When thinking of Alaska, Sarah Palin and the tundra landscape may come to mind, not the setting of a drag queen’s beginnings. Alaska is a Drag tells the story of Leo (a stunning debut performance from Martin L. Washington Jr.), an inspiring international superstar who has grown up in a town where the likelihood of someone knowing the lyrics to any Diana Ross song is very slim. Opening scenes of the film show Leo working in a fish cannery in his tiny Alaskan hometown in his rubber gloves. Then shots of Leo in matching sequined crop-top and skirt are cut in, showing his drag performance under the glittering light of the disco ball, reflecting colors from his face to high heels.
Every day, Leo and his little sister Tristan (Maya Washington) walk back from the clinic where Tristan is in chemotherapy. The two treat the gravel road surrounded by gigantic trees like a runway. The siblings often escape to the only gay bar within a 100 miles, sneaking Jack and Cokes from the bartender with matching sparkle rainbow stripes on the corners of their eyes.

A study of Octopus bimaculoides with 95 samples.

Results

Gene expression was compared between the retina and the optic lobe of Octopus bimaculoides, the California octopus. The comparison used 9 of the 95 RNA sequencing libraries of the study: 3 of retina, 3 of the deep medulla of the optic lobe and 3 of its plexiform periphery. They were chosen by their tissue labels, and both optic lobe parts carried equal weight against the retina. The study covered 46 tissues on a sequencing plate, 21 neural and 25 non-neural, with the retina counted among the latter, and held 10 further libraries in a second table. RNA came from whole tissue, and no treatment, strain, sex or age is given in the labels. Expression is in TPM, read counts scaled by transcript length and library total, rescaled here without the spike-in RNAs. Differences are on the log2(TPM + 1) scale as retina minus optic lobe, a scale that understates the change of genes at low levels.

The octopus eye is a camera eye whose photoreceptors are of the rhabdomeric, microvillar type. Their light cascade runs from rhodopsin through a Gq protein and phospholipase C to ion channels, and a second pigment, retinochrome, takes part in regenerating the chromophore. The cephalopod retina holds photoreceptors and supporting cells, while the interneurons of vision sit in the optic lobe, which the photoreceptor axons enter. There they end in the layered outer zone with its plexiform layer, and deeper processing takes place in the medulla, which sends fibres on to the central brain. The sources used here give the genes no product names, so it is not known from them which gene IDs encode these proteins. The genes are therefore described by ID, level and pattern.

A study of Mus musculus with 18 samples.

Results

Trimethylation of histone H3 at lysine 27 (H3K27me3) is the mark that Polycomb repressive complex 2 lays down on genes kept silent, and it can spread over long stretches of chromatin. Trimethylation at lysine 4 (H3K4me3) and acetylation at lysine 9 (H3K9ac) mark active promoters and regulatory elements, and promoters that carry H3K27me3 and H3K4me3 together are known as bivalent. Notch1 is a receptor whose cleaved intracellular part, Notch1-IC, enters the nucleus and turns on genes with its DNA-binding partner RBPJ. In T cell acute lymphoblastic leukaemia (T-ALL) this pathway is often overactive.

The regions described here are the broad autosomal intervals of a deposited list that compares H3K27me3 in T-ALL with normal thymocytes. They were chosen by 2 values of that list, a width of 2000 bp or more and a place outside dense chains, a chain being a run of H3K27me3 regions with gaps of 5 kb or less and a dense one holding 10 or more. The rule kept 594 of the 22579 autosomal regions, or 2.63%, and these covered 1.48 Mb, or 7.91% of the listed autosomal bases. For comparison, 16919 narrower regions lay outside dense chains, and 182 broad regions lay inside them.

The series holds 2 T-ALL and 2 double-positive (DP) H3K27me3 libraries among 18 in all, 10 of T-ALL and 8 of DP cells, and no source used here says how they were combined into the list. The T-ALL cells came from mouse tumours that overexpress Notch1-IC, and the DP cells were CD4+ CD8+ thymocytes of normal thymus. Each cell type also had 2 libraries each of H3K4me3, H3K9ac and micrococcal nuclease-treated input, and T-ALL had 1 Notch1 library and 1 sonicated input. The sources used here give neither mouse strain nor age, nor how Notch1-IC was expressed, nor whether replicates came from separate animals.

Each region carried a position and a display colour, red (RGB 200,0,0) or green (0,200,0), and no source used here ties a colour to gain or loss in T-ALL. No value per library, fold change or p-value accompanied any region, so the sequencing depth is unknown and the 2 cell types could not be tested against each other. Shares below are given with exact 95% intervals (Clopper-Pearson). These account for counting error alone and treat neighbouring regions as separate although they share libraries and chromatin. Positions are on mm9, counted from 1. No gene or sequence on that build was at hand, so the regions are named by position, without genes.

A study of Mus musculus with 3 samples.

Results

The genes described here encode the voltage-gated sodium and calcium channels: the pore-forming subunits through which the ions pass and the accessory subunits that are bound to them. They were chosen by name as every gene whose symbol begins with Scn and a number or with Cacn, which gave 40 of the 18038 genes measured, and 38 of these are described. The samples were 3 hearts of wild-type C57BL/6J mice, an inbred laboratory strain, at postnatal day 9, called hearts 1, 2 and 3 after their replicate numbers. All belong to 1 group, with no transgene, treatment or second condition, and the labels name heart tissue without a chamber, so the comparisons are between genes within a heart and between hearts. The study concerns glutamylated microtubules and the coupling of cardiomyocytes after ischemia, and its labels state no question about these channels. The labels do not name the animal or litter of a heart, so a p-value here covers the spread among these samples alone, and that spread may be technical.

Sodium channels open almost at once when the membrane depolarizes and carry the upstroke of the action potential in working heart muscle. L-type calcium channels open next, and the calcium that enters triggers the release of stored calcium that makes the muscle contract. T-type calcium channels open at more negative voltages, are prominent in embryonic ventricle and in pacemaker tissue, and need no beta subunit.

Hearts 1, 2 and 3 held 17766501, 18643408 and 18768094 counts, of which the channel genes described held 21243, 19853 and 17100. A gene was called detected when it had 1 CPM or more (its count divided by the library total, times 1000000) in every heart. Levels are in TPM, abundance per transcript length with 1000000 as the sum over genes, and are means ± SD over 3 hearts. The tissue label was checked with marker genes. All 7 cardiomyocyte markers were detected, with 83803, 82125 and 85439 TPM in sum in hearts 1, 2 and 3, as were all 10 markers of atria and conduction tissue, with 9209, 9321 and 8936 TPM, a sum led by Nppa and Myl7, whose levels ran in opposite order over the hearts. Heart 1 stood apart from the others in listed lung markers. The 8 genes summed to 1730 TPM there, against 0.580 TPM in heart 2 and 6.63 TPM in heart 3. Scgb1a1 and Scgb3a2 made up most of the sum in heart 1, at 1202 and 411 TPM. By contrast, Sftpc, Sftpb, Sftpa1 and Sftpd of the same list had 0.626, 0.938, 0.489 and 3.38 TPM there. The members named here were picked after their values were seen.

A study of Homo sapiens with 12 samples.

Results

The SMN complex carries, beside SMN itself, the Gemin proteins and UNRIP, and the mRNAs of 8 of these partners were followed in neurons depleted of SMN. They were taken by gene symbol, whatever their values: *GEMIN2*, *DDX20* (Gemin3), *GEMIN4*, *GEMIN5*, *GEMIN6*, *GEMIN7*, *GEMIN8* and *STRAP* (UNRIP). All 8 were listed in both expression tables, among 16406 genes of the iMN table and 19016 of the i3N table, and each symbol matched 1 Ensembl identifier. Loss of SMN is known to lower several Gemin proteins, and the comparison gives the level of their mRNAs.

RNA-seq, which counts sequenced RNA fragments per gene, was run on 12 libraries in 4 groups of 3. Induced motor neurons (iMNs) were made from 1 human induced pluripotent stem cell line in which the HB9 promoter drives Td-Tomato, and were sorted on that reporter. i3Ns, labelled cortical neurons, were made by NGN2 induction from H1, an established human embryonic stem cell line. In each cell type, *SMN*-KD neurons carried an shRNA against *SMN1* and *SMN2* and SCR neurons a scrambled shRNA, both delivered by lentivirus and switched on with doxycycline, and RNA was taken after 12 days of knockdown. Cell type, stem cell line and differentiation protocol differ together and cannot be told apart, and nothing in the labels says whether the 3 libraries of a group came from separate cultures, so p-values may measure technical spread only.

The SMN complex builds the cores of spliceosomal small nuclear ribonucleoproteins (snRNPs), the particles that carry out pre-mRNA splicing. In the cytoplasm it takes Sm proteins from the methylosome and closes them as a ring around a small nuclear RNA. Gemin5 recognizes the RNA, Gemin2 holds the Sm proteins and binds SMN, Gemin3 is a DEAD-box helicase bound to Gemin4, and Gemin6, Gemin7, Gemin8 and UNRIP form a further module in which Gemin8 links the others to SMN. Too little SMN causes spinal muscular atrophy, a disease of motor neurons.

When Leo’s boss at the fish cannery suggests Leo takes up boxing, he begins to train for his first match at the same time he is preparing for his first drag show. Leo represents how the masculine and feminine can be embodied in one, whole and beautiful person. Leo shows his strength, talent, and vulnerability in the ring and on the stage.
Alaska is a Drag is charming, clever, and complex. It reflects the importance of breaking boundaries and being your most authentic self. The film also demonstrates the progress we as a nation still need to make in LGBTQ equality in places like rural Alaska. Alaska is a Drag will be featured at the Damn These Heels Film Festival in Salt Lake City, Utah on Sunday July 22, 1:45pm at Rose Wagner Theater.
Taylor is currently fulfilling her summer internship for CATALYST Magazine.